The message Starbucks Corp. executives delivered to the investment community during its April 28 conference call to discuss second-quarter results was simple — It’s going to get worse before it gets better. In the United States, which is part of the company’s largest business unit, executives said the negative financial impact of the coronavirus (COVID-19) will be significantly greater in the third quarter compared to the second quarter and extend into the fourth quarter.
“At the enterprise level, we expect the absolute flow-through impact of COVID-19 to be materially greater in Q3 compared to Q2, in particular due to the longer duration of US, Canada and Japan business disruption in Q3 compared to Q2,” said Patrick J. Grismer, chief financial officer.
Net income for the second quarter ended March 29 fell 51% to $328.4 million, equal to 28¢ per share on the common stock, down sharply from $663.2 million, or 53c per share, in the same period a year ago. Quarterly revenues fell 4.9% to $5.6 billion from $6.31 billion a year ago.
Management declined to offer formal guidance for the rest of fiscal 2020, stating there are too many unknowns.
“Continued recovery in China strengthens our belief that these impacts are temporary and that we will emerge from this global pandemic with new insights and capabilities that will make our business even stronger and more relevant,” said Kevin R. Johnson, chief executive officer.
Johnson used Starbucks’ China experience as a potential roadmap for how other developed markets may recover. During the second quarter, year-over-year sales in China declined by $325 million, almost 50% when compared with the same period of the previous year. Yet there has been improvement, he said, with April sales down 35% when compared with April 2019, and an improvement from February 2020, when sales were down as much as 90%.
“Today, almost 100% of our stores in China are open, many with limited seating, reduced hours and other safety protocols in place,” he said. “Starbucks stores that remain closed in China are primarily located in cinemas and enclosed entertainment venues, along with international travel hubs and certain tourist zones, where restrictions are still in effect.
“We believe, barring any new disruptions, that our business in China is on a path to substantial recovery by the end of this fiscal year.”
In Starbucks’ Americas business unit, its largest, quarterly revenues were $4.33 billion, flat when compared with fiscal 2019 sales of $4.31 billion. Operating income fell 27% to $621 million.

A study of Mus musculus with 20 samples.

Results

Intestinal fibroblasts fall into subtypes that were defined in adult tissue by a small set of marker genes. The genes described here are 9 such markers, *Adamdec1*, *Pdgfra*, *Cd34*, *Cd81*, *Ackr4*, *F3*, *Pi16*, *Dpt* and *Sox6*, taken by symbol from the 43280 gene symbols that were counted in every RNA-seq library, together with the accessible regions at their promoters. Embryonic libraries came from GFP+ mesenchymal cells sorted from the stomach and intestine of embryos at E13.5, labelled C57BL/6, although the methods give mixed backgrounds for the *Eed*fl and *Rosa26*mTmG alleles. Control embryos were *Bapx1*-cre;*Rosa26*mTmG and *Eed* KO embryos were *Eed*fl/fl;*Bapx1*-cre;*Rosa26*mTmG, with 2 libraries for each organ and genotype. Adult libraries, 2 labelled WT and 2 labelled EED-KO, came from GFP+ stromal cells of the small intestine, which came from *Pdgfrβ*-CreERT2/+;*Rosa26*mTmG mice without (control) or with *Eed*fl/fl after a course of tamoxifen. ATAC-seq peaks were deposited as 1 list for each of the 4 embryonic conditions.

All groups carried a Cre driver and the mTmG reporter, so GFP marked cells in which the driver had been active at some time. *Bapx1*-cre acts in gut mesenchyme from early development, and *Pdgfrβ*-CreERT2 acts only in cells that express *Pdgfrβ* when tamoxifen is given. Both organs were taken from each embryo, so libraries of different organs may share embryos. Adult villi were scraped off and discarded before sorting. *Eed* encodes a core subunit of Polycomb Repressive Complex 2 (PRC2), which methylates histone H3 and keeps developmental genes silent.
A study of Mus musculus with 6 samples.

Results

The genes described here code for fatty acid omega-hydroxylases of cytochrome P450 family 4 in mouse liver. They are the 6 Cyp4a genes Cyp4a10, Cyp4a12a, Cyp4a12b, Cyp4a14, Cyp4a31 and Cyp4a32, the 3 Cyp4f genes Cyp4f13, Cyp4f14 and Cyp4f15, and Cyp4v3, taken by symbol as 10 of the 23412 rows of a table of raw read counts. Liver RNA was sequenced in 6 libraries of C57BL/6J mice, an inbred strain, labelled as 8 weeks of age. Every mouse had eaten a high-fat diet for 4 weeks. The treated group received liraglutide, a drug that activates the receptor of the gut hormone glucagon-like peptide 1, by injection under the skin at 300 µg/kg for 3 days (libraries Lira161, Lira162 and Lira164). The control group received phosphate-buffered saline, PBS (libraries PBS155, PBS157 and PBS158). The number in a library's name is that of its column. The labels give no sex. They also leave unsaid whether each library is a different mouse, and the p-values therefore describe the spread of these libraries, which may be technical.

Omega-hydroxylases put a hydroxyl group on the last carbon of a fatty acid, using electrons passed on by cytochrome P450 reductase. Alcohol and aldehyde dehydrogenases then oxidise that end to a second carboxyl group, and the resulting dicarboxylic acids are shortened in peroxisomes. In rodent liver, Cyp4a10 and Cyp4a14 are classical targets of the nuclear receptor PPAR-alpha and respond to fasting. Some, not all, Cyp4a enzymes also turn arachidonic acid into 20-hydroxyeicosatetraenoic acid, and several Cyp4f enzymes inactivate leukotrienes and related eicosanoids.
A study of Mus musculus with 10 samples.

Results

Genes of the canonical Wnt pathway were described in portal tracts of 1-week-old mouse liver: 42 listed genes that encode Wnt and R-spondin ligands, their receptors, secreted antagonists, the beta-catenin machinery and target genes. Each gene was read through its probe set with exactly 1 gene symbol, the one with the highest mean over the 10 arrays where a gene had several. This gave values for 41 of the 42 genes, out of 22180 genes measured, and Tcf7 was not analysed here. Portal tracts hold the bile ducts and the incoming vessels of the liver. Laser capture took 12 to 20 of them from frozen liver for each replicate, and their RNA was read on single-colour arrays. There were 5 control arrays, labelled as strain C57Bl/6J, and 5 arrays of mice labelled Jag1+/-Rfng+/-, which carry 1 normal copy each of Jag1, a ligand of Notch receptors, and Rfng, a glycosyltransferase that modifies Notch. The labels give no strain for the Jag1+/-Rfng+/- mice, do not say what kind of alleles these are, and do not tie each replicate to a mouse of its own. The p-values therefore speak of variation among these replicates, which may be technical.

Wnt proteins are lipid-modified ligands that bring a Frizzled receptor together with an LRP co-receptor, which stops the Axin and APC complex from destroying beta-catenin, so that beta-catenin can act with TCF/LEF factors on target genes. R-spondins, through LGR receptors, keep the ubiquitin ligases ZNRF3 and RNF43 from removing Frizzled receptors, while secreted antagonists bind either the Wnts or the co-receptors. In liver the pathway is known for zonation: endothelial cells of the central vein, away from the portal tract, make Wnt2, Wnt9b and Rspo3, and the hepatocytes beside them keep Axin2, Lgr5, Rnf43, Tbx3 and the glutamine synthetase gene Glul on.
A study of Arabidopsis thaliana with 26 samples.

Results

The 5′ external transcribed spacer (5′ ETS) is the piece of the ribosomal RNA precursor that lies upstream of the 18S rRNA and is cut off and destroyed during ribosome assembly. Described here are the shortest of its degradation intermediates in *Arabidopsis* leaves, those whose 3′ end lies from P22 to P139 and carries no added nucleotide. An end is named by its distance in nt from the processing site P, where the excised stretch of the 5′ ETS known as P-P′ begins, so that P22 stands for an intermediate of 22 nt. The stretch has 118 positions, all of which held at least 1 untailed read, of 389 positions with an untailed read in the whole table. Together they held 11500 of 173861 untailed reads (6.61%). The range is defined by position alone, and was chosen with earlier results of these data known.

“Prior to mid-March, revenue growth in the US was accelerating to the strongest level in over four years, driven by comparable store sales growth of 8%, including comparable transaction growth of 4%,” Johnson said. “Additionally, two-year comps were tracking to 12% growth, the strongest in over three years.
“In that final three weeks of Q2, US comp sales swiftly decelerated, ending the quarter down 3%, driven by a 7% contraction in traffic comp.”
As of April 28, approximately 50% of Starbucks’ company-operated stores and 46% of its licensed stores in the United States are closed. A significant difference between Starbucks’ recovery in China and the United States is how each market is opening. In China, the opening has been managed by the central government.
“The opening of stores (in China) was over a longer period of time than I think we're going to see in the US, but it was orchestrated city-by-city and almost community-by-community centrally,” Johnson said.
In the United States, the recovery will be managed by states and local governments.
“We are now leveraging digital tools that enable us to monitor the COVID-19 situation in every community across the US and leverage a variety of service options, from contactless service, entryway pickup, curbside delivery where parking is available and at home delivery, that allow us to thoughtfully reopen stores and scale up operations,” Johnson said. “This is the beginning of the recovery as we reopen stores beginning in early May, and we expect to have approximately 90% of all company-operated US Starbucks stores reopened by early June with enhanced safety protocols and modified schedules.”
Grismer said the impact of COVID-19 on the performance of Starbucks’ businesses in Canada, Japan and other international markets will follow a similar pattern to the United States.
“Very pronounced in the third quarter with some easing of these impacts expected in the fourth quarter as these businesses move into the recovery phase,” he said. “In any event, based on our substantial experience in China today, we continue to believe that these impacts are temporary, that our brand is resilient, and our business will fully recover over time.”